Carbon monoxide poisoning occurs after too much inhalation of carbon monoxide (CO). Carbon monoxide is a toxic (poisonous) gas, but, being colorless, odorless, tasteless, and initially non-irritating, it is very difficult for people to detect. Carbon monoxide is a product of incomplete combustion of organic matter due to insufficient oxygen supply to enable complete oxidation to carbon dioxide (CO2). It is often produced in domestic or industrial settings by motor vehicles that run on gasoline, diesel, methane, or other carbon-based fuels and from tools, gas heaters, and cooking equipment that are powered by carbon-based fuels such as propane, butane and charcoal. Exposure at 100 ppm or greater can be dangerous to human health.
Symptoms of mild acute poisoning include lightheadedness, confusion, headache, vertigo, and flu-like effects; larger exposures can lead to significant toxicity of the central nervous system and heart, and death. After acute poisoning, long-term sequelae often occur. Carbon monoxide can also have severe effects on the fetus of a pregnant woman. Chronic exposure to low levels of carbon monoxide can lead to depression, confusion, and memory loss. Carbon monoxide mainly causes adverse effects in humans by combining with hemoglobin to form carboxyhemoglobin (HbCO) in the blood. This prevents hemoglobin from carrying oxygen to the tissues, effectively reducing the oxygen-carrying capacity of the blood, leading to hypoxia. Additionally, myoglobin and mitochondrial cytochrome oxidase are thought to be adversely affected. Carboxyhemoglobin can revert to hemoglobin, but the recovery takes time because the HbCO complex is fairly stable.
Treatment of poisoning largely consists of administering 100% oxygen or providing hyperbaric oxygen therapy, although the optimum treatment remains controversial. Oxygen works as an antidote as it increases the removal of carbon monoxide from hemoglobin, in turn providing the body with normal levels of oxygen. The prevention of poisoning is a significant public health issue. Domestic carbon monoxide poisoning can be prevented by early detection with the use of household carbon monoxide detectors. Carbon monoxide poisoning is the most common type of fatal poisoning in many countries. Historically, it was also commonly used as a method to commit suicide, usually by deliberately inhaling the exhaust fumes of a running car engine. Modern automobiles, even with electronically controlled combustion and catalytic converters, can still produce levels of carbon monoxide which will kill if enclosed within a garage or if the tailpipe is obstructed (for example, by snow) and exhaust gas cannot escape normally. Carbon monoxide poisoning has also been implicated as the cause of apparent haunted houses; symptoms such as delirium and hallucinations have led people suffering poisoning to think they have seen ghosts or to believe their house is haunted.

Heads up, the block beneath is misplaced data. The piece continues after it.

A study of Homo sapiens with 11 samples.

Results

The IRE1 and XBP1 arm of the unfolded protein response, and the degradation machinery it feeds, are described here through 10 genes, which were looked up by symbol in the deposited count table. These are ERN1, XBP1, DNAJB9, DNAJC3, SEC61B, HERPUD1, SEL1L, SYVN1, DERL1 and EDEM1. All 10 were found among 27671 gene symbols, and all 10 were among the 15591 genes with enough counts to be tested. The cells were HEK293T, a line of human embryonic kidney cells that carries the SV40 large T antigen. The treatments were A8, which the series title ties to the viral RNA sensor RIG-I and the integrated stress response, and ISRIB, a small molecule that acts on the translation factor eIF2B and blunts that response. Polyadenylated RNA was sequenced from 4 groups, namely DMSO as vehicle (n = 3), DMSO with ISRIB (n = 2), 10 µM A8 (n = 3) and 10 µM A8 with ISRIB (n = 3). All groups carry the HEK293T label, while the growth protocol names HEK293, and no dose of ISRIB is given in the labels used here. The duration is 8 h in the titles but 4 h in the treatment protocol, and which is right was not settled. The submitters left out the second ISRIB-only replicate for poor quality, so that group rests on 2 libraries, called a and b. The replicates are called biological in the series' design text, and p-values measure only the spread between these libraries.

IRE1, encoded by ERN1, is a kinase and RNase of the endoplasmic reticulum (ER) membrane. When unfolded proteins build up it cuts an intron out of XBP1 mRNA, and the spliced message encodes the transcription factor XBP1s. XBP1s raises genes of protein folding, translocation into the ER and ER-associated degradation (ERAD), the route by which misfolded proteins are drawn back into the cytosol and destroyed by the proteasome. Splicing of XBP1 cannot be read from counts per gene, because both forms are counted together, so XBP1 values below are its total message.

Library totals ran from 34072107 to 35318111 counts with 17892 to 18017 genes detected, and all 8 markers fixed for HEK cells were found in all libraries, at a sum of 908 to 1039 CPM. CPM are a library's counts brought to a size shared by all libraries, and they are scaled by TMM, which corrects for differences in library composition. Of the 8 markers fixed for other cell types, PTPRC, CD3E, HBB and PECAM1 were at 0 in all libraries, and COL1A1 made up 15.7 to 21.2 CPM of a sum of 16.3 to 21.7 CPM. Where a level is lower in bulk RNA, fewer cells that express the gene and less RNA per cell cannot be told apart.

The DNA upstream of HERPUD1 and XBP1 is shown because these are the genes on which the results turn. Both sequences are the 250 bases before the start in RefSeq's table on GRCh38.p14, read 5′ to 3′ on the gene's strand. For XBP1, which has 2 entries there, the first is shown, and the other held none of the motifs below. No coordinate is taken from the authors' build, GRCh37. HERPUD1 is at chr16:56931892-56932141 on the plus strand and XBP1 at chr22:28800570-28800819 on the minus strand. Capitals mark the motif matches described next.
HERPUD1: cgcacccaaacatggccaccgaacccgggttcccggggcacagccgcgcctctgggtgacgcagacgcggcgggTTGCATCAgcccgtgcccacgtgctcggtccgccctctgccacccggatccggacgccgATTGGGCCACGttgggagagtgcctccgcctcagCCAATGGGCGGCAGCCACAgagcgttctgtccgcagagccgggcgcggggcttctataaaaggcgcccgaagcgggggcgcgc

Carbon monoxide is not toxic to all forms of life. Its harmful effects are due to binding with hemoglobin so its danger to organisms that do not use this compound is doubtful. It thus has no effect on photosynthesising plants. It is easily absorbed through the lungs. Inhaling the gas can lead to hypoxic injury, nervous system damage, and even death. Different people and populations may have different carbon monoxide tolerance levels. On average, exposures at 100 ppm or greater is dangerous to human health. In the United States, the OSHA limits long-term workplace exposure levels to less than 50 ppm averaged over an 8-hour period; in addition, employees are to be removed from any confined space if an upper limit ("ceiling") of 100 ppm is reached. Carbon monoxide exposure may lead to a significantly shorter life span due to heart damage. The carbon monoxide tolerance level for any person is altered by several factors, including activity level, rate of ventilation, a pre-existing cerebral or cardiovascular disease, cardiac output, anemia, sickle cell disease and other hematological disorders, barometric pressure, and metabolic rate.